I was truly gratified and surprised that only a day or so after I posted my first real blog entry (just below this one) that I had 9 substantive, engaged comments from others who are interested in this topic. I thought: hey, this blogging thing might be fun. I also thought: I better watch what I say because people will notice! :-)
It is interesting to me that the comments ranged from "kids will be kids and you can't stop 'em although you should try a little bit but it's really the parents' job" to "the school damn well should inform the parents of what the specific kids are doing because we have to do everything we can to save them from themselves."
This latter type of comment is the kind of reaction that I saw from some of those veteran teachers at IL-TCE, and which led me to make my post in the first place. The impulse to do whatever it takes to protect the kids, even to the point of "telling on them" to their parents, makes sense if you focus entirely on the harm that could come to them if we don't. It certainly is "for their own good" if by informing their parents we save them from abduction and rape and if their parents or the school can make an example of them and save lots of other kids from making these stupid mistakes in the first place. If we ONLY focus on the benefits of "extreme intervention" then extreme intervention is always justified.
(This, of course, is part of the reason that so many Americans support the so-called War on Terror or the so-called War on Drugs. If by curtailing the civic liberties just a little bit of every American, or by jailing just a few more American citizens for drug and gang behavior we can prevent another 9/11 or save a 13 year old ambitious young black girl from being shot by an assualt rifle while looking out of her front window, well then it's worth it!)
Yet.... Yet... Yet....
I'm sorry to say this, but we also have to look at the negative consequences of these extreme interventions. And there are negative consequences. The loss of civility resulting from every tiny little increase in our fear of strangers in the streets is eventually palpable. Eventually, we lose everything if we give up "only what is necessary" to be "completely" safe from terror, or random violence. We become nothing more than bats huddled in the proverbial cave if we can no longer let ourselves lay without a care on the soft grass in a city park, or take a bus downtown with our kids to visit the museum. We lose an immeasurable amount of parental involvement and fatherly love by locking up so many young men for relatively minor crimes. (Where have all the fathers gone?.....)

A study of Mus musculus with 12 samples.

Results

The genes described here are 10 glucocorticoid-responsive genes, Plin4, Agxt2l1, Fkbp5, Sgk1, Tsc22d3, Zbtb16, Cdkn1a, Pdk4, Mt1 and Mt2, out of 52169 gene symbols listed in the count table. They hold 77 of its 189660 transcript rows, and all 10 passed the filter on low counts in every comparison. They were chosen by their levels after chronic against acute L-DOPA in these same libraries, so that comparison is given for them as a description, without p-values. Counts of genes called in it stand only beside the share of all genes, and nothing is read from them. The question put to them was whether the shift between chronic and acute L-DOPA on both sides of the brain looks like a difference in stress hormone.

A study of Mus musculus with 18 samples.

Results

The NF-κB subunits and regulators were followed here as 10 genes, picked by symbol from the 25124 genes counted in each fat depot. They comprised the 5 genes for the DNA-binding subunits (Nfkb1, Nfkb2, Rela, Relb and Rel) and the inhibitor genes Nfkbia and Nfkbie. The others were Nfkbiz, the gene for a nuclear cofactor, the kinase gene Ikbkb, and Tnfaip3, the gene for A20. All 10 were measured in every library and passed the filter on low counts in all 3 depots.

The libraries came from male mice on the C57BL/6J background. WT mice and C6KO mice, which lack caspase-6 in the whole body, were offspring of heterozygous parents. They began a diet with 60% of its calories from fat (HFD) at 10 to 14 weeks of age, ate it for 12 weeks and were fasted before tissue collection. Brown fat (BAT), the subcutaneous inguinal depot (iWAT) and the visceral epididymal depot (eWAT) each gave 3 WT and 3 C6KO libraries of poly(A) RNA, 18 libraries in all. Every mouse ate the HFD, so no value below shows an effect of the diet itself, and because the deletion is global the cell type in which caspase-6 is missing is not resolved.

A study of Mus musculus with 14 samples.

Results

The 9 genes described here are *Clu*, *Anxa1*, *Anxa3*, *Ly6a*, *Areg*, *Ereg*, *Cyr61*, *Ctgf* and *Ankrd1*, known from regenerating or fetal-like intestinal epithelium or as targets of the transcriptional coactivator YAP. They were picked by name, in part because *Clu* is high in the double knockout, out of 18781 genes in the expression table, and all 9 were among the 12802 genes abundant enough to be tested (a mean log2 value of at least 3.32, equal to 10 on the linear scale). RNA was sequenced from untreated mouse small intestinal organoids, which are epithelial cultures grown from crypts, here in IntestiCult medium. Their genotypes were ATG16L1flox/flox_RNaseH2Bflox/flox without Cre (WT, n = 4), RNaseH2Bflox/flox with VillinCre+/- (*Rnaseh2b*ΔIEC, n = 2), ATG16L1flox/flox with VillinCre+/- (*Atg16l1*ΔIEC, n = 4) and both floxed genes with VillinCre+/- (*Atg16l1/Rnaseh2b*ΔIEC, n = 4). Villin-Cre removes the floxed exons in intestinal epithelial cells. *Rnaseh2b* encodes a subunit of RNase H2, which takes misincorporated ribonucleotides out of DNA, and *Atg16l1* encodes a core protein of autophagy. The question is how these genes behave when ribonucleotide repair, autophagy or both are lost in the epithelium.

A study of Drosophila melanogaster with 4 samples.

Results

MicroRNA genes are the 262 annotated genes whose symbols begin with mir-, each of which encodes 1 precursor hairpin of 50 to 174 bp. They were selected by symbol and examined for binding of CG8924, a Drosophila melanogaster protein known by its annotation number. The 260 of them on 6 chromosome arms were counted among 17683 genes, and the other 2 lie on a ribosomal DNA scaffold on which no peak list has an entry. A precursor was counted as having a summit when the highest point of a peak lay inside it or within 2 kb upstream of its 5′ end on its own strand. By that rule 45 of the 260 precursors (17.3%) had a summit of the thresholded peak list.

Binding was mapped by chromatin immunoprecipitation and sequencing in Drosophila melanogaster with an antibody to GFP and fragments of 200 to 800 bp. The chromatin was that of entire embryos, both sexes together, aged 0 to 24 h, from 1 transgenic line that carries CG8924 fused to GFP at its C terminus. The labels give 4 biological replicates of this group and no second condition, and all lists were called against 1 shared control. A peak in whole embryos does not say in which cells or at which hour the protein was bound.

What I'm saying is that EVERY social intervention, minor or extreme, has unintended consequences. When teachers become "the MAN" who cannot be trusted because they will inevitably "tell on you if they find out," children put less effort into school, view every rule with suspicion, and begin to work even harder to hide their behavior, becoming "hardened criminals" (instead of just naive kids) well before their time.
I think it makes sense for the tech-savvy teachers to educate their colleagues on the dangers of myspace, and to make sure their students and their students' parents understand these dangers as well. That's our job as teachers: education. But when we start "informing" on kids to parents we immediately begin to tear down whatever trust exists with our students. I realize that in many schools there is very little trust to begin with. My message is that this, too, can probably be traced to things that we or others did in the past, allegedly "for their own good."
I look forward to further discussion.